The two petitions quickly gained signatures in the weeks after the documentary premiered

Published 04/01/2016

Making a Murderer documents the story of Steven Avery. Above: Avery's mugshot, taken after his arrest in 1985
Making a Murderer documents the story of Steven Avery. Above: Avery's mugshot, taken after his arrest in 1985

Two online petitions demanding the pardon of Steven Avery, the subject of the popular Netflix series Making a Murderer, have together received 100,000 signatures, just two weeks after the documentary premiered online.

The petitions, which are hosted on the official White House petition website and Change.org, have collectively gained a total of 114,679 signatures since they were created shortly after the show's premiere on 18 December 2015.

Making a Murderer documents the story of Steven Avery, a Wisconsin man who was sent to prison in 1985 for sexual assault and attempted murder. DNA evidence later proved that he was innocent of the crimes, and Avery was released from prison in 2003 after his conviction was overturned.

Two years after his release and his filing of a $36 million (£24.4 million) lawsuit against Manitowoc County for his wrongful conviction, he was again accused and later convicted for the murder of Teresa Halbach, a photographer who was last seen near Avery's family home.

Avery has always maintained his innocence of both alleged crimes, and during his second trial his defence team claimed Manitowoc County police had framed him for Halbach's murder. He is currently serving a life sentence at Wisconsin's Waupun Correctional Institution.


It has also picked up a huge following online, with many fans poring over the details of the case themselves and asserting the innocence of Avery and his nephew Brendan Dassey, who was also implicated in Halbach's death.

The text of the White House petition, which currently has around 18,000 signatures, says that Avery and Dassey "should be given a full pardon by President Obama for their wrongful conviction in the connection to the murder of Teresa Halbach."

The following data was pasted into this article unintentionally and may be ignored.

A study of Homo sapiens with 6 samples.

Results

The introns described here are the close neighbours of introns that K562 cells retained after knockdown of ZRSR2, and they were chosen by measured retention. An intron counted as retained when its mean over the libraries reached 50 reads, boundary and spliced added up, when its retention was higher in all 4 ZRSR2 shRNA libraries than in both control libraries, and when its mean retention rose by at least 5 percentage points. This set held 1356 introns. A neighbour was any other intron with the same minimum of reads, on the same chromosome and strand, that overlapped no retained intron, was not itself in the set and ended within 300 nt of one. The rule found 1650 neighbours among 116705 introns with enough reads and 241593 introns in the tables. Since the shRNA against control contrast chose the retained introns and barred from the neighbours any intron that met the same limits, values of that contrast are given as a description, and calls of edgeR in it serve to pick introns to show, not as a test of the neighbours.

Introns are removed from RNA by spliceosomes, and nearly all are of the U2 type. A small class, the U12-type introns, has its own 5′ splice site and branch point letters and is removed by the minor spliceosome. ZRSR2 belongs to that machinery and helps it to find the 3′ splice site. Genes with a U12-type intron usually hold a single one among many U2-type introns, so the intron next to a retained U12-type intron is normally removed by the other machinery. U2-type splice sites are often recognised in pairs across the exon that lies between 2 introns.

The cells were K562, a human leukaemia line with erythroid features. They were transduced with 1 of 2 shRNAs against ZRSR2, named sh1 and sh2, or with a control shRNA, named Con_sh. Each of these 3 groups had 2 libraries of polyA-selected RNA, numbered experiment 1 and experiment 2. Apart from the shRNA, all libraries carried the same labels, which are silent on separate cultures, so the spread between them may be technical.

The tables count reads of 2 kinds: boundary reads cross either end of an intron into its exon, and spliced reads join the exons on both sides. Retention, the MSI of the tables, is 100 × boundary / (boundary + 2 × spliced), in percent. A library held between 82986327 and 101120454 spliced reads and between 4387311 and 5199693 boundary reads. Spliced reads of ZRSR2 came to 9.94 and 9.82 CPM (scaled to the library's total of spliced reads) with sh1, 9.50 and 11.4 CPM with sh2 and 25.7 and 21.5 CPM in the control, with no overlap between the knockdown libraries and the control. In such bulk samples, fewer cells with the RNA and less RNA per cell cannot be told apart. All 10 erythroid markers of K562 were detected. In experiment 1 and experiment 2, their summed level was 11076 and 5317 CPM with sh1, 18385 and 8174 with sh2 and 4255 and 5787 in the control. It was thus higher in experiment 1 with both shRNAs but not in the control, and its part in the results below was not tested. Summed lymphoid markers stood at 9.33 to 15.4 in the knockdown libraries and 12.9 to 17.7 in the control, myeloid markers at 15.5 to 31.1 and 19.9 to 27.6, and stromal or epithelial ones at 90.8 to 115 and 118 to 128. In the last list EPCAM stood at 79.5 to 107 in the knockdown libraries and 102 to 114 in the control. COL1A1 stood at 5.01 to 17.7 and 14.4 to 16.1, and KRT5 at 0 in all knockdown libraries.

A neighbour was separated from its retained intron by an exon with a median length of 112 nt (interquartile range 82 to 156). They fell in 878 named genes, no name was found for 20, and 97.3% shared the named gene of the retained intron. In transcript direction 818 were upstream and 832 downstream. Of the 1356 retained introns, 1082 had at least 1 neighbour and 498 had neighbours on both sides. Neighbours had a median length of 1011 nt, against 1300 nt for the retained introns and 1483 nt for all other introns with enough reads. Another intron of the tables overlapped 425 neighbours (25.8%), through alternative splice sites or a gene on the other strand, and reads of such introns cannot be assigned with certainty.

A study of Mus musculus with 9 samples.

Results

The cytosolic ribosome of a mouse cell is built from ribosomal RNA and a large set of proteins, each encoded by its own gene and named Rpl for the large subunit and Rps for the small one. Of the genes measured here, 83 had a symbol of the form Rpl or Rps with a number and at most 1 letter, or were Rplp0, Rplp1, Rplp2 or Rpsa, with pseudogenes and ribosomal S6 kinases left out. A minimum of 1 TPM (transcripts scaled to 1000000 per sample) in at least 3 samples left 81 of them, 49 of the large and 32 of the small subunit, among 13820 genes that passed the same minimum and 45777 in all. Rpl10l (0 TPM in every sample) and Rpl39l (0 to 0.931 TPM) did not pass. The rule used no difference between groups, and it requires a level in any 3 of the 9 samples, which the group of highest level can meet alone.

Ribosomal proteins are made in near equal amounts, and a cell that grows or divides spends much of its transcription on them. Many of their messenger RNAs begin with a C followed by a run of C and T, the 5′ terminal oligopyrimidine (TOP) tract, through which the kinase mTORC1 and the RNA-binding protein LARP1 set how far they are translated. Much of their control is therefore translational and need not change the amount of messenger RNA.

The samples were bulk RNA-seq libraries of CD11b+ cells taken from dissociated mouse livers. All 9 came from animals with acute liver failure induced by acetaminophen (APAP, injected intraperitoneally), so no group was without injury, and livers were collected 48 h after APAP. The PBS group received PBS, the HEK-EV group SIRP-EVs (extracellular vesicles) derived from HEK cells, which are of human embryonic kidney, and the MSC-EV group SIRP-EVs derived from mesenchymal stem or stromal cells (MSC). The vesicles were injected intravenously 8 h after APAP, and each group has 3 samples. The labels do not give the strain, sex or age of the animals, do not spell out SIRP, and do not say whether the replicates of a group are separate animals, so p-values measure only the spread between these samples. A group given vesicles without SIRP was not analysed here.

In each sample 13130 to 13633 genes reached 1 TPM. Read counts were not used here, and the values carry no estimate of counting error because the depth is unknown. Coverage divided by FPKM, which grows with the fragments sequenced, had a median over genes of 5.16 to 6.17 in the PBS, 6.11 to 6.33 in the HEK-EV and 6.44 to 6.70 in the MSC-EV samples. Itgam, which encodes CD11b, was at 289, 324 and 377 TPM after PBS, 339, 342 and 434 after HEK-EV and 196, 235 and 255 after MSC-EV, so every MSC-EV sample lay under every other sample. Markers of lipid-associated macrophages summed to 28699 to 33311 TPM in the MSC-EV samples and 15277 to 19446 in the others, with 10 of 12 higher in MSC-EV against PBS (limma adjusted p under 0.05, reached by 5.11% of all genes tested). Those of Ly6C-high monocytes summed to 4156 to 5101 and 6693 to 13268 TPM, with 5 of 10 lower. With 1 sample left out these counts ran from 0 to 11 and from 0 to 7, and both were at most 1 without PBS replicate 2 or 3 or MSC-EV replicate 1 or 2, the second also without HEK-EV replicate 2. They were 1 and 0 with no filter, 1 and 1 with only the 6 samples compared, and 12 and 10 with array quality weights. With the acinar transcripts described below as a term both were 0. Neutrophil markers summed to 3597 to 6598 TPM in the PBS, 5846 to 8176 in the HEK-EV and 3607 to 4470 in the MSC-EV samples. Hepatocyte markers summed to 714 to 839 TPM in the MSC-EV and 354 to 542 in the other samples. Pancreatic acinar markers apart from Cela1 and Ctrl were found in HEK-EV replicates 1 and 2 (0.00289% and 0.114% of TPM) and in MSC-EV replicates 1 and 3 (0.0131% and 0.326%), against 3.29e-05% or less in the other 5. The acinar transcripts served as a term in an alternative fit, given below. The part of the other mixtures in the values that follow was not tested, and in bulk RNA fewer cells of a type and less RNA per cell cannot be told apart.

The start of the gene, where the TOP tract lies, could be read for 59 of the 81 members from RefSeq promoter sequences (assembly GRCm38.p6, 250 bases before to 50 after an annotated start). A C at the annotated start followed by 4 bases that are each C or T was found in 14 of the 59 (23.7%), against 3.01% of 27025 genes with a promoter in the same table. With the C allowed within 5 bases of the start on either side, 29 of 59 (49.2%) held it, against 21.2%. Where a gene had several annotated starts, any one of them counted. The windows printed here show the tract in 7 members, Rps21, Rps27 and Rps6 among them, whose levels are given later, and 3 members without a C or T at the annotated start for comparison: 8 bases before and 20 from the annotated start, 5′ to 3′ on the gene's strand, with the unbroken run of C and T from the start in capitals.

"Based on the evidence in the Netflix documentary series Making a Murderer, the justice system embarrassingly failed both men, completely ruining their entire lives."

It also alleges that Manitowoc County police used "improper methods" to ensure the conviction of both men, and calls the entire episode a "black mark on the justice system as a whole." This petition still needs around 80,000 signatures before it is considered by White House staff.

The Change.org petition, which currently has around 97,000 signatures, also says Avery should recieve a presidential pardon, and calls for the Manitowoc County officials involved in the case to be "held accountable" in front of the law.

Officials have denied the series' claims of legal wrongdoing, with Manitowoc County Sheriff Robert Hermann telling local newspaper the Herald Times Reporter that the filmmakers "have taken things out of context and taken them out of the order in which they occurred, which can lead people to a different opinion or conclusion."

Former district attorney Ken Kratz, who acted as prosecutor in Avery and Dassey's trials, also told a local news station that "80 to 90 per cent" of the physical evidence that allegedly ties Avery to Halbach's murder was not presented in the documentary.

He alleged the show's creators, Laura Ricciardi and Moira Demos, had not given him the opportunity to respond to the documentary's claims - something the filmmakers deny.

All 10 episodes of Making a Murderer are currently available to stream on Netflix.